Now, Mr. Speaker, I have nearly finished what I intended to say. If my opponents, who have pursued me with unparalleled bitterness, are satisfied with the present condition of this affair, I am. I return my thanks to my friends, and especially to those who are from nonslave-owning States, who have magnanimously sustained me, and felt that it was a higher honor to themselves to be just in their judgment of a gentleman than to be a member of Congress for life. In taking my leave, I feel that it is proper that I should say that I believe that some of the votes that have been cast against me have been extorted by an outside pressure at home, and that their votes do not express the feelings or opinions of the members who gave them.
To such of these as have given their votes and made their speeches on the constitutional principles involved, and without indulging in personal vilification, I owe my respect. But, sir, they have written me down upon the history of the country as worthy of expulsion, and in no unkindness I must tell them that for all future time my self-respect requires that I shall pass them as strangers.
And now, Mr. Speaker, I announce to you and to this House, that I am no longer a member of the Thirty-Fourth Congress.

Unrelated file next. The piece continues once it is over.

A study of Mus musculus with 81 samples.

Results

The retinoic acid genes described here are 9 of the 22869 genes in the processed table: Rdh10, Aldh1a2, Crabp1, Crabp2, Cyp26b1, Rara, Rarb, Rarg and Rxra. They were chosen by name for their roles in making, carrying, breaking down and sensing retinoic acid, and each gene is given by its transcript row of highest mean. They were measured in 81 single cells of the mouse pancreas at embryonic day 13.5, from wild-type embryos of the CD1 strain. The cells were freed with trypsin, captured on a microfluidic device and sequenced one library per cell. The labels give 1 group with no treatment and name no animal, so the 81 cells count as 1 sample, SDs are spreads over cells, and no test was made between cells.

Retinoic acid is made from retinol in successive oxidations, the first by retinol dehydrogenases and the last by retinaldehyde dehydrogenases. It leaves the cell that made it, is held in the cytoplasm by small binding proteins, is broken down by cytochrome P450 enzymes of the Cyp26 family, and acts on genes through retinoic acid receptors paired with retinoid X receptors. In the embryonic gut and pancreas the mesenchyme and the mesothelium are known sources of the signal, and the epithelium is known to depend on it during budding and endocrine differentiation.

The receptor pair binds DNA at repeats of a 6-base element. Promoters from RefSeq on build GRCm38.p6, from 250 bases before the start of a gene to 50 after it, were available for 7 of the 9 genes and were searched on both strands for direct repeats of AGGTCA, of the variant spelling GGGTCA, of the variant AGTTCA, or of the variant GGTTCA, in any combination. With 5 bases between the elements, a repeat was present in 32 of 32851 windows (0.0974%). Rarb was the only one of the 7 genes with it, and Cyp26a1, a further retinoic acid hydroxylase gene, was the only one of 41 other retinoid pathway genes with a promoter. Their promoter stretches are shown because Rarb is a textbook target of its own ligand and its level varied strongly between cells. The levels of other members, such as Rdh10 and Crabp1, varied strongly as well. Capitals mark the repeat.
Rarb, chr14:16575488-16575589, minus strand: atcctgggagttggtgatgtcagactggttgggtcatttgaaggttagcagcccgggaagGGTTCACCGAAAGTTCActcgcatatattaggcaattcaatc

(Mr. Brooks then walked out of the House of Representatives.)
JUDAH P. BENJAMIN,
OF LOUISIANA. (BORN 1811, DIED 1864.)
On the property doctrine, or the right of property in slaves;
Senate of the united states, march 11, 1858.
Mr. President, the whole subject of slavery, so far as it is involved in the issue now before the country, is narrowed down at last to a controversy on the solitary point, whether it be competent for the Congress of the United States, directly or indirectly, to exclude slavery from the Territories of the Union. The Supreme Court of the United States have given a negative answer to this proposition, and it shall be my first effort to support that negation by argument, independently of the authority of the decision.
It seems to me that the radical, fundamental error which underlies the argument in affirmation of this power, is the assumption that slavery is the creature of the statute law of the several States where it is established; that it has no existence outside of the limits of those States; that slaves are not property beyond those limits; and that property in slaves is neither recognized nor protected by the Constitution of the United States, nor by international law. I controvert all these propositions, and shall proceed at once to my argument.